Rebecca Reider's interview on Newshub's AM show convinced Duncan Garner, who said if the campaign made its points as clearly as she'd just made them to him, it'd win, in his view. Here's the interview https://www.newshub.co.nz/home/new-zealand/2018/11/cannabis-advocate-s-impressive-justification-for-legalisation.html
And here are the points that convinced Garner:
* we're spending $400m a year policing it
* cannabis crime is needlessly filling up our prisons.
* We're missing out on $200m a year in tax revenues
* it's really not very harmful, never has been.
* so much less harmful than alcohol
* prohibition doesn't work - people already have it - is widely available
* But right now there's no regulation, it is sold on the black market - by criminals
* can be - and is being - contaminated, so regulation is good.
Makes for such grim reading. Those poor people - agree with Minto's comment this morning that both Housing Corp and WINZ, by the end of nine long years, appeared to be operating a system that ran on vindictiveness, and the targetting of some of society's poorest people. But the problem now is that it's probably the culture in both departments, and staff selected on their ability to have thick enough skin to carry out these policies. Going to take a while to undo?
Simon, yes, fracking is only a tiny percentage of water usage. The more worrying thing is that the fracking wastes have gotten into drinking water acquifers... Taranaki, anyone?
The other side of this "if we disappeared there'd be no impact on global emissions" argument is how New Zealand behaves at the climate talks.
So the UNFCCC's a consensus-driven process (yes, I know, it ought to not be, but the rule introducing a vote-based decisionmaking process has been permanently blocked by the Saudis). New Zealand plays this one pretty hard and fast at the meetings. A couple of examples. The NZ delegation has:
* sided with Russia, Ukraine, Khazakstan, et al on opposing a proposal to get the Eastern European "hot air" out of the system (because we want to keep our precious 'kyoto forests' in order to be able to appear to be acting on climate without actually doing anything)
* pushed for extremely weak LULUCF rules (extending them further so that we can, again, play with these to look like we're taking action)
* tried to push (in Doha) a rule that would allow anyone to trade as part of the Kyoto system, without signing up to CP2. This was rejected in Doha, but the NZ delegation thinks the wording of that decision is sufficiently vague and has wilfully misinterpreted it to mean the opposite of its intention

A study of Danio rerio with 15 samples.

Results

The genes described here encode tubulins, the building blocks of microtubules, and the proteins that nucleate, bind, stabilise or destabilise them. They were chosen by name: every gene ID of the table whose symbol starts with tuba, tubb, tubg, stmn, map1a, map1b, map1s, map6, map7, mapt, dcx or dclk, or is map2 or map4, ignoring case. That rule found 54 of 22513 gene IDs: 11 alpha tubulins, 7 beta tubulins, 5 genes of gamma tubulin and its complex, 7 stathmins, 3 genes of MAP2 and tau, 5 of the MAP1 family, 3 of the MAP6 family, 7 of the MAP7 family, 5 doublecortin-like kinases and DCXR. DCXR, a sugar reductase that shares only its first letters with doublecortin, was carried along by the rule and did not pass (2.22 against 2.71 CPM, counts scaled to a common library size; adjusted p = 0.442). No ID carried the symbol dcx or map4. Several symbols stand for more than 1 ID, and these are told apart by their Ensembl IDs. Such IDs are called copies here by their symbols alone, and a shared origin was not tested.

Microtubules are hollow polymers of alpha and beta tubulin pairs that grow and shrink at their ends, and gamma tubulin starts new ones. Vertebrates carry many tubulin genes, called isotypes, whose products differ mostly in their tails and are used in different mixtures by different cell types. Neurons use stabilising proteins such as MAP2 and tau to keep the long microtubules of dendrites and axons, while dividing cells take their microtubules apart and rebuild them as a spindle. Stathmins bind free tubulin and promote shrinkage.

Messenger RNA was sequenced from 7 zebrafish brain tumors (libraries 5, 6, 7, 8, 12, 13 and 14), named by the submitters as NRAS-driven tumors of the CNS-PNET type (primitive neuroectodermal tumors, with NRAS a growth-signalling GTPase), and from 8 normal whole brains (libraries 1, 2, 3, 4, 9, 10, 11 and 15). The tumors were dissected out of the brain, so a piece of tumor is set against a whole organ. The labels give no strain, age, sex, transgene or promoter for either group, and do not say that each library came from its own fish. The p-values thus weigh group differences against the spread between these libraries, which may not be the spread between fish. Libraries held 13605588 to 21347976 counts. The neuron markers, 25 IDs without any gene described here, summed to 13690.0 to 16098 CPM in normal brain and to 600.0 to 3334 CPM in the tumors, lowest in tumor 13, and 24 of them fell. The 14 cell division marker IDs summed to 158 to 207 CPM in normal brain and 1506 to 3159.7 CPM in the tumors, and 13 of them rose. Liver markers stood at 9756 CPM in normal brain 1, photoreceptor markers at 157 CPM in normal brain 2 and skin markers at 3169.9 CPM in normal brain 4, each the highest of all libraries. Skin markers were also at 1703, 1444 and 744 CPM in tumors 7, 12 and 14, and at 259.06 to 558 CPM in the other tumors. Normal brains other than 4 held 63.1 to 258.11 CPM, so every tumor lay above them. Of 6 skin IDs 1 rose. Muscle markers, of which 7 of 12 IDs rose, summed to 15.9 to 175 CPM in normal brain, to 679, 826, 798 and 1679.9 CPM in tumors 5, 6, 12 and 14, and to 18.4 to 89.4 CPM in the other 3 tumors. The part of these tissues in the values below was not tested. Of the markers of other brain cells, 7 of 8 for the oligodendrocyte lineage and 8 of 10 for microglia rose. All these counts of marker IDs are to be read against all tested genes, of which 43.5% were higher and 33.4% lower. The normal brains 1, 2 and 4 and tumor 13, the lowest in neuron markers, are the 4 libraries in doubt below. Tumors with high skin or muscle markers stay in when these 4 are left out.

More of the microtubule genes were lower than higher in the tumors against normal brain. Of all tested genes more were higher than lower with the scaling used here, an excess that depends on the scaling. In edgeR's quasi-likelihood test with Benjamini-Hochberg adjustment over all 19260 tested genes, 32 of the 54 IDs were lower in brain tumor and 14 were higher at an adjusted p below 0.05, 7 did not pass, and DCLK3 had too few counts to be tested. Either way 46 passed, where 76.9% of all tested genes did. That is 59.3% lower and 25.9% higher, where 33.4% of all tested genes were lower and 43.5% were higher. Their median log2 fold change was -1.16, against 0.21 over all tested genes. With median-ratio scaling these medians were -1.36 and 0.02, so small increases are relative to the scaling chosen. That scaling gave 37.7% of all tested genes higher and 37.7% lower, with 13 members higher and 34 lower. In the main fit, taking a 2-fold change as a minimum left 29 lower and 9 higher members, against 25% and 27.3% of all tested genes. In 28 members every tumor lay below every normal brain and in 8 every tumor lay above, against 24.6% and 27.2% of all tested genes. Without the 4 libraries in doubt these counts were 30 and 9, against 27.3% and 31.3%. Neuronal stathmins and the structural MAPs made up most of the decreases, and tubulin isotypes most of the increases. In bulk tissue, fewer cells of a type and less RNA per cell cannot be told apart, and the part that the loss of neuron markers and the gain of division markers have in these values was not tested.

You get the picture. We side, in the UNFCCC, with a bloc including the US, Canada and Australia, and certainly we rarely side with the Small Island States, our Pacific neighbours.
So while we are small in emissions, we play a starring role (and not in a good way) on the international stage.
Comments on Fran's article appear to be ravingly in support.
I wonder how many they rejected.
I heard talk last year that the Parliamentary Commissioner for the Environment was getting help from some sections of the media in writing OIA's - because the Ministry for the Environment was refusing to give her office information requested. By law, they are required to give it to her, but she has had to resort to OIA's. Not sure how well that's going either.
I was taken by a piece in the Herald by Rhonwyn Newson who picked up on Simon Lusk's quote in Nicky Hager's book: that a negative campaign nearly always favours the right. Then there's the issue of studies on cognitive dissonance (where "facts" often don't convince people to change their minds). Both are salient points worth taking into account when looking at the impact (or lack thereof) of the details of Dirty Politics on the elections.
And when Key kept going on about the "international influence" on New Zealand elections, where was the media asking him about his reliance on an international firm, Crosby Textor, on his own campaign?
I'm happy to hear that Fisher and Nippert are both continuing on the case - now that the elections are over, it's time to get back to the real detail of dirty politics.
Undercover cop Rob Gilchrist on how Hager discovered him and how Hager always gets it right:
"You see, Mr Hager is very good at what he does. He is not just a journalist who working to a deadline just makes stuff up to add to the word count. He researches the hell out of the subjects in his articles and books. He talks to the right people, asks the right questions and goes over every little detail he has available to him with a nit comb."
Now there's a word.
but nothing like that would happen until after September 20; the public deserves to know the truth before then.
If I'm not much mistaken, it was collected right before Dirty Politics came out. All the same, is Dirty Politics truly a game breaker, or just preaching to the choir? Even if it's the latter, it might just motivate undecided Left voters into becoming not so undecided Left voters.
Yup, before the book. However, I fear there is some truth in this quote by Simon Lusk (in the book, and repeated by Gordon Campbell):
“There are a few basic propositions with negative campaigning that are worth knowing about. It lowers turnout, favours right more than left as the right continues to turn out, and drives away the independents.’ In short, many people stop participating in politics. If politicians cannot be trusted, if politics looks like a petty or ugly game, and if no one seems to be talking about the things that matter, then what’s the point of bothering to participate? Just leave them to it.